Town Councilman Pete Hammerle was eager to know how quickly a town-wide property reassessment could be completed to bring property tax rolls up to date at a Town Board meeting this week. He peppered John Wolham, a state representative from the Office of Real Property, with questions after Mr. Wolham made a presentation to the board on the process of reassessment.
“I would say that if East Hampton said, ‘We’re going to do this here and now,’” Mr. Wolham told Mr. Hammerle, “May 2011 would be the earliest date” at which the town could complete a reassessment and generate an updated tax roll.
The board invited Mr. Wolham to make a presentation on reassessment after Supervisor Bill McGintee publicly expressed interest in the idea last spring. He said then that, because so many town assessments are out of date and fail to reflect current market values, a reassessment could mean millions in new revenue for the town if property tax rates are kept the same.
After Mr. Wolham’s presentation, Supervisor McGintee commented that the goal of reassessment “is to fairly distribute the tax burden.” He asked Mr. Wolham if long-term financing of a reassessment is possible and if it is something that can be paid for by bonds. Mr. Wolham answered yes to both questions.
Councilman Hammerle asked what would have to happen if the town wanted to start planning to budget for a reassessment. “I hear from my assessors that this needs to be straightened out sooner rather than later,” Mr. Hammerle said.
Mr. Wolham replied that if the board sought proposals from a firm to carry out the reassessment now, it could select one by sometime in May and the firm could start gathering data by May or June. He emphasized that, because East Hampton has a fair number of houses occupied only seasonally, it would be beneficial to do data collection in the summer, when there is a greater likelihood of access to houses in order to conduct appraisals.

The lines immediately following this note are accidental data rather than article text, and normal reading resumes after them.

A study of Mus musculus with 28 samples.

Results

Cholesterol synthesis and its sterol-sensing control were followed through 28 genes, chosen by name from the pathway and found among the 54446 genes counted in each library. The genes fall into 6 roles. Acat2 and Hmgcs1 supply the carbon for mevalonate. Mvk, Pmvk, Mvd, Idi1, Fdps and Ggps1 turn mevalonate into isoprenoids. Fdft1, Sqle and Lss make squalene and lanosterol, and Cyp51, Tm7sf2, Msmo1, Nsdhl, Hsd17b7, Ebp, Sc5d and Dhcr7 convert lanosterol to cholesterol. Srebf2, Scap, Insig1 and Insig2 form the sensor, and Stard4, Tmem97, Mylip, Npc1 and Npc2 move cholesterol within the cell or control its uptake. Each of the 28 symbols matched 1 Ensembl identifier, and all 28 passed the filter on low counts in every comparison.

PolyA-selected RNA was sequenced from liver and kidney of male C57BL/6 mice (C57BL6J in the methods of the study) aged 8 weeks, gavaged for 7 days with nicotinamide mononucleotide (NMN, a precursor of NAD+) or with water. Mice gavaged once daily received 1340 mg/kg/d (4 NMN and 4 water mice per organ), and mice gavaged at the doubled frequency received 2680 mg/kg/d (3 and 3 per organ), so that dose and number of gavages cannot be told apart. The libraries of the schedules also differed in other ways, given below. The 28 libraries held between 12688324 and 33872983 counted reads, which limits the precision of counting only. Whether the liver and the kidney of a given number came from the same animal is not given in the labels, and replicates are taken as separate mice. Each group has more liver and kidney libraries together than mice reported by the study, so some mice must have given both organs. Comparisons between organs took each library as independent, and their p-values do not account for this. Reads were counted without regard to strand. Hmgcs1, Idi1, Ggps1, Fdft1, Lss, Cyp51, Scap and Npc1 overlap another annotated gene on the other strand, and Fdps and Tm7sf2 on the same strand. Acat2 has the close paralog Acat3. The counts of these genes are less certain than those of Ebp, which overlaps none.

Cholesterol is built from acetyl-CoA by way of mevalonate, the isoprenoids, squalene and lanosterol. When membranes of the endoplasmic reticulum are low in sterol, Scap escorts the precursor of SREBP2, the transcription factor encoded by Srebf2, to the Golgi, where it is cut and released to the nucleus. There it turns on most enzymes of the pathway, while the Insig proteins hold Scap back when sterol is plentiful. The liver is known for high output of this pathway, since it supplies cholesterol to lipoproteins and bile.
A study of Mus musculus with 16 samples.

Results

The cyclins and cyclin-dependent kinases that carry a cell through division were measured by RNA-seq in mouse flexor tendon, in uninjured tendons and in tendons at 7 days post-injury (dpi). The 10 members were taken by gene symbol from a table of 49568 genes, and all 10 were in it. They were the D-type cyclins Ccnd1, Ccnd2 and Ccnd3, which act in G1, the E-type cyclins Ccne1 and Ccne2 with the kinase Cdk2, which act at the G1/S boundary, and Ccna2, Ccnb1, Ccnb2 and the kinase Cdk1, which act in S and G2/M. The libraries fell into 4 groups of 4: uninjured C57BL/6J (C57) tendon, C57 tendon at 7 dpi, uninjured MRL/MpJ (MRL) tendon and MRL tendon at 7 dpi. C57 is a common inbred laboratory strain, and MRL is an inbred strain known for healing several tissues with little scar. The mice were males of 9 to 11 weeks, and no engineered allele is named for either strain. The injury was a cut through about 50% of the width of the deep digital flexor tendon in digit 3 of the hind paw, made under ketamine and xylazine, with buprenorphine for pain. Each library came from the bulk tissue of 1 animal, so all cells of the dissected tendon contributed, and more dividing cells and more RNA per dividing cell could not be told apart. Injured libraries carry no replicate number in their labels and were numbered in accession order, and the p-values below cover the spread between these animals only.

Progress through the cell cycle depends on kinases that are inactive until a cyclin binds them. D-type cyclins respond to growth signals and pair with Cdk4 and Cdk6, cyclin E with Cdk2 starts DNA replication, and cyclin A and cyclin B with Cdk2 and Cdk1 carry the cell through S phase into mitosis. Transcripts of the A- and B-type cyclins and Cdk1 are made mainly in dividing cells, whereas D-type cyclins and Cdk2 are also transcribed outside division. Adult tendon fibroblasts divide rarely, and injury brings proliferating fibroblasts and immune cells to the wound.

Mr. Wolham said that he’d be surprised if the town received any bids for less than $100 per parcel. There are about 24,000 properties in the town so the cost could be about $2.4 million.
East Hampton Town has never done a reassessment to reflect current market values, unlike its neighbors Southampton and Shelter Island. Mr. Wolham explained that the owners of properties that have appreciated the most over time are paying less than their fair share of the tax burden because their properties are under-assessed. He gave an example, “the Smith and Jones homes,” in two different parts of town. They start out with an equal value and tax bill. Twenty years later, with no reassessment, Smith’s value has tripled and Jones’ value increased modestly, because of a less desirable location or other market factors—but the owners still pay the same taxes. That means Jones is subsidizing Smith, he said.
Councilman Brad Loewen expressed concern that, in actuality, this ideal of equalization won’t work.
“In East Hampton, instead of Smith and Jones, we have the Bennetts and the Seinfelds,” Councilman Loewen said. “We have a lot, a lot of Bennetts, who have been here a long time, and they live on the lower value properties in Springs and Montauk. I want to know what they will end up paying. And what will the Seinfelds be paying? I hope more.”
Mr. Wolham didn’t respond directly but talked about how reassessment redistributes the tax burden so each taxpayer pays his or her fair share.